Recently, my networking company, BNI, cooperated with Steve Brewer, a graduate student from St. Thomas University in the United States, as part of his master's thesis in marketing. As a result of this research, we have acquired an interesting picture of the type of businessperson/entrepreneur who joins a networking group.

Based on this study, we learned that more than 76 percent of all networking group participants we surveyed came because they were personally invited by someone! OK, that's not a big surprise, since networking is a word-of-mouth function. However, it's excellent reinforcement to what we already know-namely that people mostly join networking groups through the invitation process. Amazingly, only 24 percent came to their particular networking group from all other forms of marketing and advertising combined (including the internet, trade shows, calendar listings, newspaper articles and so on). Traditional media exposure definitely supports recognition of the importance of networking, but what brings most people into a networking group is one person asking another person to visit.

According to the study, 74 percent of all networking group members surveyed identified themselves as business owners, and 23 percent said they were employees. The overwhelming majority of those surveyed, or 70 percent, first visited because they were interested in some type of networking group. Roughly 6 percent were encouraged by their company to attend. But what's most interesting is that 5 percent of the people who visited and joined, didn't want to offend the person who invited them by not joining!

One of the questions asked in the study related to how comfortable people felt when they first visited. An astounding 93 percent of all people who joined felt welcomed by other members of the group they first visited. An impressive 79 percent of all networkers surveyed reported that the business they generated from the organization had either met, or exceeded, their expectations.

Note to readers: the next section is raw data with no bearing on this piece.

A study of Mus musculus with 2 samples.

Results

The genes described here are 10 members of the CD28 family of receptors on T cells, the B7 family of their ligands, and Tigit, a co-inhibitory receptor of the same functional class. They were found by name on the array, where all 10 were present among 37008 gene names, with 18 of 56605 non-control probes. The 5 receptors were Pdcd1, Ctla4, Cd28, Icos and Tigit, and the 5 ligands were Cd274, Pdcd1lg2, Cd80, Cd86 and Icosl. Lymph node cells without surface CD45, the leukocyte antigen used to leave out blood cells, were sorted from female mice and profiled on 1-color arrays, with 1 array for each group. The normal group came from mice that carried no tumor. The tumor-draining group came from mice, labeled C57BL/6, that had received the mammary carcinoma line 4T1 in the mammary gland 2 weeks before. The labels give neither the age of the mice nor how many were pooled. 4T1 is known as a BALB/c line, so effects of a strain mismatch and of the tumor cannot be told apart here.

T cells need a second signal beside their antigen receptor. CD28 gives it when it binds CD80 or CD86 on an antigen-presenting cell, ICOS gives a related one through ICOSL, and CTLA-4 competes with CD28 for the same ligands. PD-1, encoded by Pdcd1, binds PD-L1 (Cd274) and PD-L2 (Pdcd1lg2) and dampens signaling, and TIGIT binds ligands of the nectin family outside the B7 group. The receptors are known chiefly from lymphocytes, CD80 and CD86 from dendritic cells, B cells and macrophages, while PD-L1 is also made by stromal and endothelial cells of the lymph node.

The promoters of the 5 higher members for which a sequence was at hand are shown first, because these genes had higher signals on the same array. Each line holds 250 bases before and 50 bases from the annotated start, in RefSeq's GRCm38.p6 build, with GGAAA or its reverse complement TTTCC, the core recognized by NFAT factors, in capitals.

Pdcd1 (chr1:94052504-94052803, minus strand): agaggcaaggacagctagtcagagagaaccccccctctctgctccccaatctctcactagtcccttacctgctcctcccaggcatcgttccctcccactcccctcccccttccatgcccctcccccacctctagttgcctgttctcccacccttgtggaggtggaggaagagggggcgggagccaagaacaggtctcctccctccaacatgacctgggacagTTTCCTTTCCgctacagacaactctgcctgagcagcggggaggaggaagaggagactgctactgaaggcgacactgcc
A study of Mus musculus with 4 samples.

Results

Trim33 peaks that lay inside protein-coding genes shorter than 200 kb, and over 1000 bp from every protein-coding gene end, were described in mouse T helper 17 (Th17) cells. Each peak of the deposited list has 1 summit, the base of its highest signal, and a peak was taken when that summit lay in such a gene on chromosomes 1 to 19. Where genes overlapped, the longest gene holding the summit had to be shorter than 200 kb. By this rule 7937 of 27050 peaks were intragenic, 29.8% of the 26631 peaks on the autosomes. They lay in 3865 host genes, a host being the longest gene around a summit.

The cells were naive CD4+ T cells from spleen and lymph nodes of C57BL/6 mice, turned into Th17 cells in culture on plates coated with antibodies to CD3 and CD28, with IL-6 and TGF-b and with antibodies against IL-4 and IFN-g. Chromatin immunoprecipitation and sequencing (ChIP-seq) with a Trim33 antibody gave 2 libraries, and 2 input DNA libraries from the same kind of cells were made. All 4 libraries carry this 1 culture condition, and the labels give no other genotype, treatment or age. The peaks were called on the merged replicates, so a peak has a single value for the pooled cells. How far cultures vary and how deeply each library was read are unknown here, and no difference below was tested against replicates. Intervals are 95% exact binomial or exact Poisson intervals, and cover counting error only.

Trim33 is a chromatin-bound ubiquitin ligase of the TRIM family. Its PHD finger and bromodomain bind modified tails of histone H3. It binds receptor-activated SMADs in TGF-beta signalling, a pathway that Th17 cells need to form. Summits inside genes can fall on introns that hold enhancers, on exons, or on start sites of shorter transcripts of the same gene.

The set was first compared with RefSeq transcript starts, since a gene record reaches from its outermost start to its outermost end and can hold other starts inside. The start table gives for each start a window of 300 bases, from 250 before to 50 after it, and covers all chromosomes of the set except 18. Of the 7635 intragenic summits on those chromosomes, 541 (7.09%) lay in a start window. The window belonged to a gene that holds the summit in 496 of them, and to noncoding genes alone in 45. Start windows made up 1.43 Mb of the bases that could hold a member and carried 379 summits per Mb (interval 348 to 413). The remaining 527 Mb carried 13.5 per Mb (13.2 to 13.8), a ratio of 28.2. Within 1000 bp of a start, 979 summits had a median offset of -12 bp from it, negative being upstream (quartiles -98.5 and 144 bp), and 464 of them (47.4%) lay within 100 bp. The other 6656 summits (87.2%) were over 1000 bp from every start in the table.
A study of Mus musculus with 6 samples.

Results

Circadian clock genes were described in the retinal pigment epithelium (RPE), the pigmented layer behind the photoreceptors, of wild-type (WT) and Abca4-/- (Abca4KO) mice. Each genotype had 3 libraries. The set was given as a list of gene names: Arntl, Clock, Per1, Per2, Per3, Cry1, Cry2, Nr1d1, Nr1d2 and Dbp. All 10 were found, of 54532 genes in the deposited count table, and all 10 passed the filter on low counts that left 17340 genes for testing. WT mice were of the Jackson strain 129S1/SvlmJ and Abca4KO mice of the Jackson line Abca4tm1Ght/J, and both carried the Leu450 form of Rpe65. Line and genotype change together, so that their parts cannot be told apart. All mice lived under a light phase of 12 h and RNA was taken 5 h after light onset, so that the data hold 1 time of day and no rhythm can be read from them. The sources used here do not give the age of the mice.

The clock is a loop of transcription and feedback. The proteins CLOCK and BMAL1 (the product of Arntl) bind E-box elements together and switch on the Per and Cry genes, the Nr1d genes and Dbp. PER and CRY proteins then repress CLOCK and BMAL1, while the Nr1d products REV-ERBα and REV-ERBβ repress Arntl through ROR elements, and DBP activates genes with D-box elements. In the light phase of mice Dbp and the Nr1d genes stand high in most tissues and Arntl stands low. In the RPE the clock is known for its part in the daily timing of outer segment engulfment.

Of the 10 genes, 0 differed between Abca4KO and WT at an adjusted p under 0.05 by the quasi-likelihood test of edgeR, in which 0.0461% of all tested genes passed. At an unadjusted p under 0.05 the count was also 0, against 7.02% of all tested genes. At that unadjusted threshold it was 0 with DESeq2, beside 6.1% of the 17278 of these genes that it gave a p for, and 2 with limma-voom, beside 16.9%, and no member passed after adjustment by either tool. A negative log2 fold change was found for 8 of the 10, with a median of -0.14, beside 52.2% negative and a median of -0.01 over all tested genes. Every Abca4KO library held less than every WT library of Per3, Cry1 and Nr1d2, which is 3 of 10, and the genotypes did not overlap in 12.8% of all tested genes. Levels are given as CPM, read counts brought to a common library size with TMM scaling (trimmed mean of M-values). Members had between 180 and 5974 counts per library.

Once when I was visiting one of my groups, I met a prospective member who was a local business owner who tried to tell me that the organization was made up of youngsters (which, according to him, were people under 30). According to our survey, more than half of the members, 58 percent, were between the ages of 30 to 49, with approximately 32 percent being over 50 and only 10 percent being 29 years old or younger. Now, I understand that one group may vary from another, but from my experience, most networking groups, as the study indicated, seem to have a fairly even age distribution. As it turns out, the results from this study clearly conclude that roughly 90 percent of members participating are over 30 years old. The actual graph is a classic bell curve, with the under 30 and over 60 ranges being the low ends of both sides of the curve.

Finally, the last statistic from the study that I'd like to share in this article is one that has remained fairly constant over the last decade. The study found that roughly 41 percent of networkers in the survey were female, and 59 percent were male. This roughly 60/40 split was virtually identical to previous studies done in the past (including my doctoral dissertation in 1993). Although some specific countries may vary substantially on this one area, we have found most networking organizations have this general distribution of men and women networkers.

So what have we learned from this study?

  1. We've learned that the overwhelming majority of businesspeople joining a networking group joined because someone invited them.
  2. We found that almost all of them found the group they visited to be very friendly.
  3. We discovered that a very high percentage of these networkers generate as much, or more, business from networking than they expected, and that more than 60 percent of the members have been involved for more than one year.
  4. We learned that close to 75 percent of our networkers surveyed are business owners between the ages of 30 and 50, and that approximately 40 percent are women and roughly 60 percent are men.

I believe this is valuable information for entrepreneurs who are considering becoming involved or already actively participating in networking groups to have. If you're in a group already, I hope you take the opportunity to discuss these survey results within your networking group in the near future.

As entrepreneurs, we like to have the hard facts, the statistics, to support our actions in developing our new businesses. These stats clearly support networking as a viable, productive and effective way to market ourselves in our business environment today. As businesses become increasingly informed and educated about the tangible benefits of growing their businesses using a structured word-of-mouth program, I feel that these positive numbers will only increase!